Voices of Hope & Healing
for Bone Marrow/Stem Cell Transplant

Achieving Serenity Through My Own Hands
by David Weinstein

My Name is David Weinstein. I was diagnosed with AML in early 2007 and quickly underwent months of chemotherapy and radiation followed by a bone marrow/stem cell transplant.

During the furious pace of rescue intervention and transplant, I lost contact with my creative passion, stoneware and porcelain wheel production. After the initial stages of transplant had come and gone, I was explaining to my oncologist how I longed to get back into clay again, and he said to me in a very matter of fact way that I would never be able to touch clay again. He had determined that there were bacterial dangers present that I would be permanently unable to cope with.

Needless to say, this was absolutely stunning. I've been potting for 35 years, always for the passionate love of the sensation and the colors but also for the lovely meditative states that I've been able to achieve when I work. Ultimately, I found an oncologist who happened to be the first doctor's supervisor who reversed the original pronouncement and cleared me for continued work with clay. He simply asked the questions necessary to find out exactly what happens in the studio, something the first doctor neglected to do.

For the past two years my style and my forms have changed dramatically. I think that a near death experience changes where we allow our inhibitions to find harbor in our souls. The result for me has been a willingness to take creative risks that I would not have chanced before. I have an eye for certain shapes and delicacies that I was unable to see before. My pieces have become more sculptural and technically more refined. The work itself is analogous to life in that the fragility and fleeting qualities of life have become part of my art. Each piece has more significance than before. Each step of the process carries its own charge of happiness and contentment. There are no more jobs, just more opportunities. I notice that time stops passing when I'm deep in thought about a pot. I go into a mild and consistent meditation when I work.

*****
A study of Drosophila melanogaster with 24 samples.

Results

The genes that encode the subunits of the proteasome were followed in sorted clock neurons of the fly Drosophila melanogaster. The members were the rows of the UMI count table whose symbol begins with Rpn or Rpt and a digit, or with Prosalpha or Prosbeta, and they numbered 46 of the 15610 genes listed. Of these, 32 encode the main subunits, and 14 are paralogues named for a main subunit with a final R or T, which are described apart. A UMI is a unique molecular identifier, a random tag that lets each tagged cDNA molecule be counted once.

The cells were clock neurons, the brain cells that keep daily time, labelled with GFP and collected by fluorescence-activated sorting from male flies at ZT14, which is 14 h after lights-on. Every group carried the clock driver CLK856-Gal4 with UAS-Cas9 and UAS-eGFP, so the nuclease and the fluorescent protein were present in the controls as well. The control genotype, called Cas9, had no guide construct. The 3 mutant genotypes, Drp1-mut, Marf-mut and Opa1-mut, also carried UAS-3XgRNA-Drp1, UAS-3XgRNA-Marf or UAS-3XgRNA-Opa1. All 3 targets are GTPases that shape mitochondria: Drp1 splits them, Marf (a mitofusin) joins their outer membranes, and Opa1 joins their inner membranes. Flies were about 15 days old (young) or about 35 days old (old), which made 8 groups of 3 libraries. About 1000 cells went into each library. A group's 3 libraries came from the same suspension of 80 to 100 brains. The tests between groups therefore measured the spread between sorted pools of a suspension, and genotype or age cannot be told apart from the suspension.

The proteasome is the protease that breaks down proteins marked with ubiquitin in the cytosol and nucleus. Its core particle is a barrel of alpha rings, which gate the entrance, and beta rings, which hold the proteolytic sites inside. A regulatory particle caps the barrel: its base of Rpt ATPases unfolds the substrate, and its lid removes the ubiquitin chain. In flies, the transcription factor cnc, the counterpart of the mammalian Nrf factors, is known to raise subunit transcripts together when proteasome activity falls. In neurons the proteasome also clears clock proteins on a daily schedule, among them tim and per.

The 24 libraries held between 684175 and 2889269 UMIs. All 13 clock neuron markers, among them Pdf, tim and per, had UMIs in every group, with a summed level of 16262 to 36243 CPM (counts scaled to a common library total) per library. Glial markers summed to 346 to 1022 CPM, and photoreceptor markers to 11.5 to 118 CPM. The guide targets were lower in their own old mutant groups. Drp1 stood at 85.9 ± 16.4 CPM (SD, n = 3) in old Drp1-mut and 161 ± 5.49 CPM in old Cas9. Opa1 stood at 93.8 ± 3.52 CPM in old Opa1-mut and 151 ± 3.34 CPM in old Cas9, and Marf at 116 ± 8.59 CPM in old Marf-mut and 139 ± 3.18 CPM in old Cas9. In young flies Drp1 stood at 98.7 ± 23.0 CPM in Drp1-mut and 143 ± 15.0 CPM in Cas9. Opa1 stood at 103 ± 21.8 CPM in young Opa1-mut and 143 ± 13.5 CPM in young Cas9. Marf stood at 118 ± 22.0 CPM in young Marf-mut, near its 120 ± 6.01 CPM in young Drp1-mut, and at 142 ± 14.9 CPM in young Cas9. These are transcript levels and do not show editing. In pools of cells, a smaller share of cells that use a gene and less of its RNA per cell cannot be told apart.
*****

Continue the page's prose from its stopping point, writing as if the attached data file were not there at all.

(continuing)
Though I was trained with master potters to produce many duplicate pieces as sets, I have found myself working on more individual forms lately. Each piece has its own unique qualities and deserves as much time as necessary to become the special shape with the particular message it conveys.

Since I have developed peripheral neuropathies in my hands and arms, there are times when I cannot feel the clay. This was very disturbing at first. How am I going to be able to work with my medium if I can't feel the roughness, smoothness, or whether it is cold or hot? Well, I discovered that I can close my eyes when I'm working on a piece, and the sensations increase. In fact, I get results that are closer to what I imagine in my mind when I do not look at the clay than I do when I see the surface. My fingers "see" the clay and "feel" the texture and temperature when my eyes are closed. Amazing. None of this development was true before I got sick. And to think that one misinformed doctor almost ruined this entirely.

My art form and the power it has in my life to produce serenity, peace and growth is refined in a way I never imagined would happen. I do believe that there are permanent benefits to certain life events that appear at first to be completely negative. We just need to stand back and watch before we engage, and when we engage, to do so without fear- based judgments. I did not understand that this was going to have a happy part until I accepted that I did not comprehend all the pieces, all at once.